A topographic map is a graphic representation of natural and man-made features on the ground. It typically includes information about the terrain and a reference grid so users can plot the location of features.
New Zealand has a national mapping agency responsible for producing consistently styled topographic maps covering all parts of the country. In 1935 the Committee of Imperial Defence, wary of the threat posed by Japan, called for the development of nationwide inch to the mile topographical maps. The task was aided by the advent of aerial photography and its subsequent use to capture topographic features (photogrammetry). The first of 360 maps in the NZMS 1 series was published by the Department of Lands and Survey in 1939. The last sheet appeared in 1975.
Imperial unit maps became obsolete when New Zealand moved to a metric system. NZMS 1 was replaced by NZMS 260, a revised series of 1:50,000 scale topographic maps, published over a 20-year period from 1977 to 1997. Responsibility for national mapping moved to the Department of Survey and Land Information in 1987, and to LINZ in 1996.
By 2000, advances in digital technology were making existing methods of map production obsolete. A new national map projection (NZ Transverse Mercator) was introduced in 2001 and officially adopted in 2007. LINZ embarked on a program to digitise and re-project the national topographic data, eventually publishing a revised 1:50,000 print map series in 2009. All 451 sheets in the new NZTopo50 series were released simultaneously, the world's first release of an entire national map series in one day.
LINZ also produces smaller scale topographic maps of New Zealand, topographic maps for New Zealand's offshore islands, for areas under its jurisdiction in the Antarctic, and for the South Pacific nations of Tokelau, Niue, and the Cook Islands.
1939 Napier and Hastings, NZMS 1; N134
This was the first of 352 map sheets published in NZMS 1, the inch-to-the-mile nation-wide topographic map series. NZMS 1 proved to be an invaluable cartographic resource, although the early maps were produced somewhat urgently in response to the threat of a foreign invasion, and lack the refinements of later editions. N134 was compiled from survey data and aerial photographs, and features contours drawn at hundred foot intervals.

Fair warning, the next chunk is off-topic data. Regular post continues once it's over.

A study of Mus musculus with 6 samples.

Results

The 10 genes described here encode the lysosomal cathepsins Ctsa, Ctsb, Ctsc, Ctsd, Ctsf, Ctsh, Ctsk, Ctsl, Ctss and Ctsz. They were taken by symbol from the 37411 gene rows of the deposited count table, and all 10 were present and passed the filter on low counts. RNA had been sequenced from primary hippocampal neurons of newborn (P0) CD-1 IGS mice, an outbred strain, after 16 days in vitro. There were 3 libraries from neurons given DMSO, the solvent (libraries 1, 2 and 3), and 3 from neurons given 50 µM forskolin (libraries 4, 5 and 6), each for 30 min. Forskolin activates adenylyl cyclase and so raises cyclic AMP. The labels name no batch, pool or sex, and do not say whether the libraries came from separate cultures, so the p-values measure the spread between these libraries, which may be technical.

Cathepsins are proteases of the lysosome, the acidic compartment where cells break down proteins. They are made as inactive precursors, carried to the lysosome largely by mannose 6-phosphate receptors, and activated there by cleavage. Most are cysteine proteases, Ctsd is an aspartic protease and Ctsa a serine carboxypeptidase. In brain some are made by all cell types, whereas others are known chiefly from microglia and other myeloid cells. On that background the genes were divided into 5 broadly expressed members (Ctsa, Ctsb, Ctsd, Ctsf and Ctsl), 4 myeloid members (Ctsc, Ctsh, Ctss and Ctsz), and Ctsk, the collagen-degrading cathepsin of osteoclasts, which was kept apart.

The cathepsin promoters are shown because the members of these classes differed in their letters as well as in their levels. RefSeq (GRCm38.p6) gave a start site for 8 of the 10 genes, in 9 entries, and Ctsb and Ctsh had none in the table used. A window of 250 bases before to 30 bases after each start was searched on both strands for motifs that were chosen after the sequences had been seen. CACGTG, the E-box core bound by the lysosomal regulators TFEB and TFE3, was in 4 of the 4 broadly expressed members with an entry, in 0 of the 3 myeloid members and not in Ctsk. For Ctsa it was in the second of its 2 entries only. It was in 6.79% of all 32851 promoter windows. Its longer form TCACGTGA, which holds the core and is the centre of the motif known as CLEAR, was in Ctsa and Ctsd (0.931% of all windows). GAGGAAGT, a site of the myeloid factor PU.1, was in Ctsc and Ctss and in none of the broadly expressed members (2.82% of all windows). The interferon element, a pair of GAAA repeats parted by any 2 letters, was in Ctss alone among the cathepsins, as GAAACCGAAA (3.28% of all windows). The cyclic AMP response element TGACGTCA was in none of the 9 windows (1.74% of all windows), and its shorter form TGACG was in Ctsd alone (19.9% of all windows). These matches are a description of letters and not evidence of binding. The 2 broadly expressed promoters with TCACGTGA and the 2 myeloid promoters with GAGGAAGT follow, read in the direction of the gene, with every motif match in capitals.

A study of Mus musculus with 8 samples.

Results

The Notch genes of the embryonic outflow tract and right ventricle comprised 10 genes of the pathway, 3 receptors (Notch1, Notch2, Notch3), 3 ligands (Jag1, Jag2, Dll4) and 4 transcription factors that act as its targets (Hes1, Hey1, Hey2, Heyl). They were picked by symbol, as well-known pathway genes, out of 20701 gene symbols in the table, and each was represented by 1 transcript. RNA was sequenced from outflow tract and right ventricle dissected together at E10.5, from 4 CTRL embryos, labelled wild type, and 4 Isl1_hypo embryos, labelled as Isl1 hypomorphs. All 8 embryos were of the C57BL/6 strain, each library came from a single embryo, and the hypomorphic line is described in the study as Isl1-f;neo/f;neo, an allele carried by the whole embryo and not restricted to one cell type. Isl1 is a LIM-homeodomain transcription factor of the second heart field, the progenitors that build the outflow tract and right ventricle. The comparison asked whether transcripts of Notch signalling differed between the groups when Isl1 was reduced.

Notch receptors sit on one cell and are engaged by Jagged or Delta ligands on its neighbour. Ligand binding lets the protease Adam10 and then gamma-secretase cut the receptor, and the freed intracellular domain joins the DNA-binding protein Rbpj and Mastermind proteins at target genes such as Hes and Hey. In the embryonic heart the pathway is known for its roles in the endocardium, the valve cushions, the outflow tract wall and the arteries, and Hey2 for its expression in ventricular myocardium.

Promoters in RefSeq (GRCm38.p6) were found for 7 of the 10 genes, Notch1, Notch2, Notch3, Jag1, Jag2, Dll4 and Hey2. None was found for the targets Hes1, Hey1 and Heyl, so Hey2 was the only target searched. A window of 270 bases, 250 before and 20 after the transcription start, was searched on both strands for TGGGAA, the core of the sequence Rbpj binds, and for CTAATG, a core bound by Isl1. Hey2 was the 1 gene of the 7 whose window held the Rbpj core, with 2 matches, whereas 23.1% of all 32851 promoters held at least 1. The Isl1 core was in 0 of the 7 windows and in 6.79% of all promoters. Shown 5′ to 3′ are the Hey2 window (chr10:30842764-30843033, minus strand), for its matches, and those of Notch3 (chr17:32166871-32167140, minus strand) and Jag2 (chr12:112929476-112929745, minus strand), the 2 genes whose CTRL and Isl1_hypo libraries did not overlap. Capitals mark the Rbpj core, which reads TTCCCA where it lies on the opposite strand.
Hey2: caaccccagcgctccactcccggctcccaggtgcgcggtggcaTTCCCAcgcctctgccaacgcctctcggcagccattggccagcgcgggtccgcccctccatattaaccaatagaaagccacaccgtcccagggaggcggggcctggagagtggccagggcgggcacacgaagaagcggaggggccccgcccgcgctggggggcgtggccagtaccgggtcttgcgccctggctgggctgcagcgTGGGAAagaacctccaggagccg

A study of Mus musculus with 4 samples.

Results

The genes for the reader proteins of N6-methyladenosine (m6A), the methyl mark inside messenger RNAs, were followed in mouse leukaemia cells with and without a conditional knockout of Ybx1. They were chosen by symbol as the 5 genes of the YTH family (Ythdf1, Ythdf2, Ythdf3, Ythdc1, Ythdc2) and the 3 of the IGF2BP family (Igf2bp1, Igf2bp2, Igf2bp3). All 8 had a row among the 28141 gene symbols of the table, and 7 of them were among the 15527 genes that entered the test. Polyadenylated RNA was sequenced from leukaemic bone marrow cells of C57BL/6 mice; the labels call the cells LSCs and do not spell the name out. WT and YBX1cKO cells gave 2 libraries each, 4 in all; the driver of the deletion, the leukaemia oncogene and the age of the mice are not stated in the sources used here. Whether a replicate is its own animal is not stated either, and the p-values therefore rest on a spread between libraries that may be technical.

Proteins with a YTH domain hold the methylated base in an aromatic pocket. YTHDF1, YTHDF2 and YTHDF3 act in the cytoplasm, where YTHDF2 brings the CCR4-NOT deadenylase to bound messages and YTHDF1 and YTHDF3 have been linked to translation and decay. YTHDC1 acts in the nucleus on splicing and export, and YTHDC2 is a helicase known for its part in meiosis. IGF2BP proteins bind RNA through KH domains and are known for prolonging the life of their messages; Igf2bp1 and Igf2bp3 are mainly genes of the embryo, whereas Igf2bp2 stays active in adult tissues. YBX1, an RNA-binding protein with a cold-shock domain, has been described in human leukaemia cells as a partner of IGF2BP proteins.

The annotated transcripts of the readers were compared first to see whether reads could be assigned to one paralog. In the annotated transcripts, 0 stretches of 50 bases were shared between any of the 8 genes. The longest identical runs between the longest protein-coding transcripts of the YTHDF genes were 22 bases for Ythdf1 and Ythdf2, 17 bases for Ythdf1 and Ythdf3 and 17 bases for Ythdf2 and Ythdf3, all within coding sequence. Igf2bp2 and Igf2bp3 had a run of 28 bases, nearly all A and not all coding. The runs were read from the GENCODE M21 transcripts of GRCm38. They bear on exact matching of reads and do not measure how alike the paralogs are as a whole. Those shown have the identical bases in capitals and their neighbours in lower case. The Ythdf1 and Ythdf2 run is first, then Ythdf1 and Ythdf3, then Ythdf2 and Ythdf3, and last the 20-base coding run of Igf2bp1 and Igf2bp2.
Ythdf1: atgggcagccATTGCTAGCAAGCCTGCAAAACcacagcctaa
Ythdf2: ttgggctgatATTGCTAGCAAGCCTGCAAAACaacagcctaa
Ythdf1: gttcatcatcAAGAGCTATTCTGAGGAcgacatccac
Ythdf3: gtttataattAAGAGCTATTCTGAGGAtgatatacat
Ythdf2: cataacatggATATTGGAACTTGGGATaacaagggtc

1996 Mount Cook, NZMS 260; H36
An example of the national 1:50,000 topographic NZMS 260 series. The first map in this series appeared in 1977. Apart from the change to metric measurements, the NZMS 260 maps featured new sheetlines and a new map projection, New Zealand Map Grid (NZMG). There were several design and presentation changes, including the introduction of sharper relief shading and a sans-serif typeface. Contours are at twenty metre intervals.
Unfolding the Map
Te Ahumairangi Ground Floor of the National Library, Wellington, until October 2017
The exhibition is open for viewing from 8.30am – 4.45pm Monday – Saturday.
Tiakiwai Lower Ground Floor, Wellington, until October 2017
Aotearoa New Zealand has over 50,000 place names. Names that celebrate people, describe our landscape and acknowledge our diverse cultural roots.
They are a powerful record of our history and our encounters within Aotearoa New Zealand. This exhibition looks at how places are named, what some of those names refer to, and some quirky facts about place names.
Also open for viewing 8.30am – 4.45pm Monday - Saturday
Free Public Programmes
A full programme of talks and other events is being developed to accompany the exhibitions.
We offer curriculum-based learning programmes for school groups of any year level. Although bookings are required, these programmes are free of charge.
Email firstname.lastname@example.org to arrange a visit.